In our experience, the mitigation of abusive conduct needs us, as a community, to move from passive Coping to active Caring at an earlier stage of the ageing of a person than is usually the case.
It is not the role of the law to prevent abusive or coercive conduct. The law can provide remedies or redress when this conduct occurs. The search for mitigation, whilst involving the law, must look elsewhere for additional support.
Case study: a son locked down overseas
We were called recently by a son who was locked down overseas. His mother who was divorced and lived alone was admitted to hospital. He was seeking guidance on how to act as his mother’s attorney and guardian because he perceived his mother was making poor decisions.
It emerged that the mother, whilst having medical and mental health issues, was still a competent decision maker as far as the hospital doctors were concerned. The role of the son was sidelined by the independent decision making ability of the mother.
The lack of ability to advocate their own best interest is in our experience, a common contributing factor that helps abusive conduct emerge.
Fully informed consent
A pivotal point is whether a person can give fully informed consent for a given cause or concern. This means that they must have all the functions of an active decision maker. This requires an appreciation of the behaviour of competent decision makers.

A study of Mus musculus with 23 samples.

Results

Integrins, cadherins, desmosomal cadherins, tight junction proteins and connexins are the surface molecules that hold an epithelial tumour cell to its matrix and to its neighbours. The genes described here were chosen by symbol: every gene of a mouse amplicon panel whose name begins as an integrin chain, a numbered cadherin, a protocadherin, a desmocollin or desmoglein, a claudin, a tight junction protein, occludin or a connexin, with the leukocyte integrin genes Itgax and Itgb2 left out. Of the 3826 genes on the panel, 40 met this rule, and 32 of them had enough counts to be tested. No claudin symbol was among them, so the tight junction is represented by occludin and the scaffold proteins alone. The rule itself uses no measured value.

Decision making ability is not diagnosis bound. A recent NIHMS article provided authority for the proposition that dementia is precedented by a cognitive decline of up to 1-2 decades.
The point we wish to advocate is that:
1. The law in and of itself cannot prevent abusive or coercive conduct.
2. Any “fix” has to start with community education and improving the social compact of Australia with regards to these issues.
3. The Voluntary Assisted Dying laws in Australia bring into focus the need to both support and safeguard the will and preference of a person. We are moving steadily into a rights based decision making society. The idea of best interests duty is becoming in many fields, anachronistic.
4. Multi disciplinary fields of professional practice have great potential outside medicine to marshal resources to help clients deal with a broad range of decision making professionals.
5. Functional specialisation in professional and commercial service providers reduces the decision making support available to citizens and their supporters. Capacity building for complex decision making within families is needed as an improvement to our social compact. The multi disciplinary approach of the Society of Trust and Estate Practitioners gives a model that is eminently adaptable to meet this community need.
Just having a national register of Power of Attorney does not prevent elder abuse, it only helps banks validate the currency of an attorney’s authority.
Helping our clients, their supporters and family row in the same boat
Our professional practice objectives of helping our clients, their supporters and family row in the same boat still remains in my view the best starting point for early intervention mitigating the emergence of abusive conduct.
The motivator of abuse is often estrangement between the person under care, their supporters and family. Rectifying this deterioration in relationships when possible, provides the best measure of support we can see for stopping abusive conduct before it starts.
The law is needed to deal with the consequences of failure in these strategies and must not be seen as a complete solution in and of itself.
Multi disciplinary professional practice outside the health and medical fields has much to contribute to the mitigation of abusive and coercive conduct in the community.
Please contact us if you have questions about the decision making capacity of a loved one.